What is a pelvic exam?
A pelvic exam is a doctor’s visual and physical examination of a woman’s reproductive organs. During the exam, the doctor inspects the vagina, cervix, fallopian tubes, vulva, ovaries, and uterus. Public and private healthcare providers routinely perform pelvic exams at their offices or clinics.
There are no specific guidelines for how often a woman should have a pelvic exam, but it is often recommended to have one once a year. Depending on your medical history, a doctor may suggest that you have them more frequently. Women should have their first pelvic exam at age 21 unless other health issues require it earlier. Often the first pelvic exam is when a young woman goes to seek birth control.
Women over the age of 21 should receive regular pelvic exams, similar to general checkups. However, special reasons for having a pelvic exam include:
- unusual vaginal bleeding or discharge
- a family history of cancer
- concern about ovarian cancer, cysts, sexually transmitted diseases, and other gynecological problems
Sometimes a doctor performs the exam before prescribing birth control.
If you’ve never had a pelvic exam before, let your healthcare provider know when making your appointment. Schedule your pelvic exam for a date when you will not be on your period. However, if you have a menstrual issue you are concerned about, your doctor may suggest an examination during your period.
Avoid vaginal intercourse, inserting anything into your vagina, and douching, at least 24 hours before your pelvic exam.
Your doctor will have you undress and put on a robe. A breast exam may be included in the examination in which case you’ll be asked to remove your bra. You may be given something to put around your waist for added privacy. You will lie on an exam table with your legs spread and your feet on footrests called stirrups.
First, your doctor will visually inspect your vagina and vulva. Your doctor may be looking for redness, irritation, discharge, cysts, or something that indicates a sexually transmitted disease, such as sores.
Next, the doctor will insert an instrument known as a speculum into the vagina. The speculum is a stainless steel or plastic device that resembles a duckbill. Women should breathe deeply and try to relax their vaginal, rectal, and abdominal muscles during insertion. Sometimes doctors will warm up the speculum beforehand.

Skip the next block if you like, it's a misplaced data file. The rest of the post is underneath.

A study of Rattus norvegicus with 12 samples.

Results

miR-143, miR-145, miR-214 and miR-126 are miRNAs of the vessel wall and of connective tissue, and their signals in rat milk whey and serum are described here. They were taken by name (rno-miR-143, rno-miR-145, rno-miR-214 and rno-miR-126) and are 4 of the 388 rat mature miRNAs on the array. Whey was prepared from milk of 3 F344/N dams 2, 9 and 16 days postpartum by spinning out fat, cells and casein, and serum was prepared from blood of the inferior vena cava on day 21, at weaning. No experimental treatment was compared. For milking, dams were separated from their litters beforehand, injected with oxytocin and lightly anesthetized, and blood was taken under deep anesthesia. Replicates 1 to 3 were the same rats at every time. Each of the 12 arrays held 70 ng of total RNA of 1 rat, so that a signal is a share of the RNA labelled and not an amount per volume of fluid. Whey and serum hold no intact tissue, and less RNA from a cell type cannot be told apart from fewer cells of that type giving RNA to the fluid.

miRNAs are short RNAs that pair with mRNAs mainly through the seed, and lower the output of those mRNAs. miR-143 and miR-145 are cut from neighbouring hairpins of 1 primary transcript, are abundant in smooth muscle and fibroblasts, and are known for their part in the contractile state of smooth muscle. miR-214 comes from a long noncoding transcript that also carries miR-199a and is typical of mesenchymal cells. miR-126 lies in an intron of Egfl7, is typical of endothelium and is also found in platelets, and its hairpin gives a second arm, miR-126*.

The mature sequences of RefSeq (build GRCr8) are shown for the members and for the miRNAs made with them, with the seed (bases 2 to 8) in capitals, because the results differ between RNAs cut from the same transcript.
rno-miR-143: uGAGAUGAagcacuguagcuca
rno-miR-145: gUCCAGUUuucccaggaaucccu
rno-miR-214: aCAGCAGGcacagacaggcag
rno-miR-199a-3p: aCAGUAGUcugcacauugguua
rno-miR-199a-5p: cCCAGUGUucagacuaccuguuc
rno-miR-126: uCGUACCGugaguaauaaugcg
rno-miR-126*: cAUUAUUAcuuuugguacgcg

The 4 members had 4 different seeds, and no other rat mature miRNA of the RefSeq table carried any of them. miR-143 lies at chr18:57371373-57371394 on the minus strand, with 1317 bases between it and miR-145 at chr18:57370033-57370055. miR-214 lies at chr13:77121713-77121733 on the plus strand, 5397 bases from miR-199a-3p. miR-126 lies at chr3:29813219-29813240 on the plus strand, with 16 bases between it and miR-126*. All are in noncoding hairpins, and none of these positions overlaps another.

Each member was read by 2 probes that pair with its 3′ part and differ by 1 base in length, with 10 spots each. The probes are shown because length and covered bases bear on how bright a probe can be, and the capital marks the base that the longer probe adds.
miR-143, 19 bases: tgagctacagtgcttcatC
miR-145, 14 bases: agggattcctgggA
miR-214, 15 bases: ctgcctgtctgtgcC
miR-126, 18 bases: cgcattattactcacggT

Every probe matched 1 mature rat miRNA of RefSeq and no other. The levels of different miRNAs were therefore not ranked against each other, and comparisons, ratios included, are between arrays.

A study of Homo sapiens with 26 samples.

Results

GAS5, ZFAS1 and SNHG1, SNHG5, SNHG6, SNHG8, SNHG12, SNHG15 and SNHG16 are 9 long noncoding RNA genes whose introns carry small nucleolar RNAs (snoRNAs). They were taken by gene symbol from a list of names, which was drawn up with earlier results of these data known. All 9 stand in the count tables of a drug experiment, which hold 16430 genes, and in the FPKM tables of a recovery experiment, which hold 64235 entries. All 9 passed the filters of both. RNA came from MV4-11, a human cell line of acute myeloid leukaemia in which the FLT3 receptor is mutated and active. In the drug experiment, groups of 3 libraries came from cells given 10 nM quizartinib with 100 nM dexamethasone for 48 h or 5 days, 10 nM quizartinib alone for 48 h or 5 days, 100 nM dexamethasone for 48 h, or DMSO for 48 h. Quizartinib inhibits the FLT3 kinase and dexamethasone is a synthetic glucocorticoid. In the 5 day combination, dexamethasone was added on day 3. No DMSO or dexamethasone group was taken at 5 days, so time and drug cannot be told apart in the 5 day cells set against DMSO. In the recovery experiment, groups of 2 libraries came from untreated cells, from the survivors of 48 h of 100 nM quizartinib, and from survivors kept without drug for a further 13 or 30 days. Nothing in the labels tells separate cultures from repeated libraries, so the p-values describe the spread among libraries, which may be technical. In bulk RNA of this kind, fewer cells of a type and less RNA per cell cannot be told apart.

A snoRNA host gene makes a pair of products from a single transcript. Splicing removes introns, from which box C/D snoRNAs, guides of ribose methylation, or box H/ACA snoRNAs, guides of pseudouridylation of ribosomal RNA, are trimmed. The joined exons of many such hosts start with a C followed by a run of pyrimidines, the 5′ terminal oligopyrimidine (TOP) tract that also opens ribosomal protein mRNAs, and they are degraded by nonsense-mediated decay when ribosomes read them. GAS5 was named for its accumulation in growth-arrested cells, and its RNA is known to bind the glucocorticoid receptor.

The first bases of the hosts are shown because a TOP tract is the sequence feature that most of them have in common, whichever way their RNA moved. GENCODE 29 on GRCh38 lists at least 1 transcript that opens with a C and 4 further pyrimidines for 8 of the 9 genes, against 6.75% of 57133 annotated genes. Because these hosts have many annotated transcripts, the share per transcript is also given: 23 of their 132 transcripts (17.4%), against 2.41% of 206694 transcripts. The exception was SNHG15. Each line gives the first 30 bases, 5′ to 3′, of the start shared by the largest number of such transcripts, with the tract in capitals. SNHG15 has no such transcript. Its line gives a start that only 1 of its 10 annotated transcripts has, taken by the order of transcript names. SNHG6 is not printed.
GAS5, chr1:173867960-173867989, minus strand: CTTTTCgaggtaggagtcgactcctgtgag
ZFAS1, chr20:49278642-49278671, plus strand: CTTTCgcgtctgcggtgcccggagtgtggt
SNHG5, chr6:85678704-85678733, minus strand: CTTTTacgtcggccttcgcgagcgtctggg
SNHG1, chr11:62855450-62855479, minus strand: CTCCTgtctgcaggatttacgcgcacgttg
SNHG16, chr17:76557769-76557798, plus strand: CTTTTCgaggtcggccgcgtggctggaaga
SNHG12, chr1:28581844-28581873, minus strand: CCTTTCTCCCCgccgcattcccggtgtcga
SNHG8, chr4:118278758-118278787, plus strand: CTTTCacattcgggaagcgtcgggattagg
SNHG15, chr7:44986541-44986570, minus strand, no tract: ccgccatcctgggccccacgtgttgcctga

The doctor may swipe the cervix, before removing the speculum, with something that looks like a small spatula. The spatula gathers cells for later examination. This procedure is known as a Pap smear. By looking at the cells, your doctor can diagnose conditions such as cancer and sexually transmitted diseases.
Your doctor will also manually inspect your internal reproductive and sexual organs. To do this, your doctor will put on lubricated gloves and insert two fingers into your vagina while using the other hand to feel your abdomen. This manual exam looks for irregularities in the uterus or ovaries.
During this procedure, your doctor will be able to determine the size of your uterus. They can possibly check for pregnancy, as well as any abnormalities of the fallopian tubes.
Finally, your doctor may perform a rectal examination. For this exam, the doctor inserts their fingers into both the rectum and vagina simultaneously to check for abnormalities in the tissue between the two organs.
Your doctor will be able to tell you right away if any abnormalities were found. However, Pap smear results may take a few days. Your doctor may prescribe medications or require a follow-up visit.
Benefits of a pelvic exam
Pelvic exams are essential for determining a woman’s sexual and reproductive health. They can also detect life-threatening conditions, such as cancer or infections.
Pelvic exams are routine, but you may have some discomfort during the procedure and spotting afterward.
Many women find pelvic exams physically and mentally uncomfortable. Doctors try to make them as painless as possible and offer reassurance and feedback during the process. It might be helpful for you to prepare a set of questions you have for your doctor. You may also ask a friend or family to stay with you during your appointment.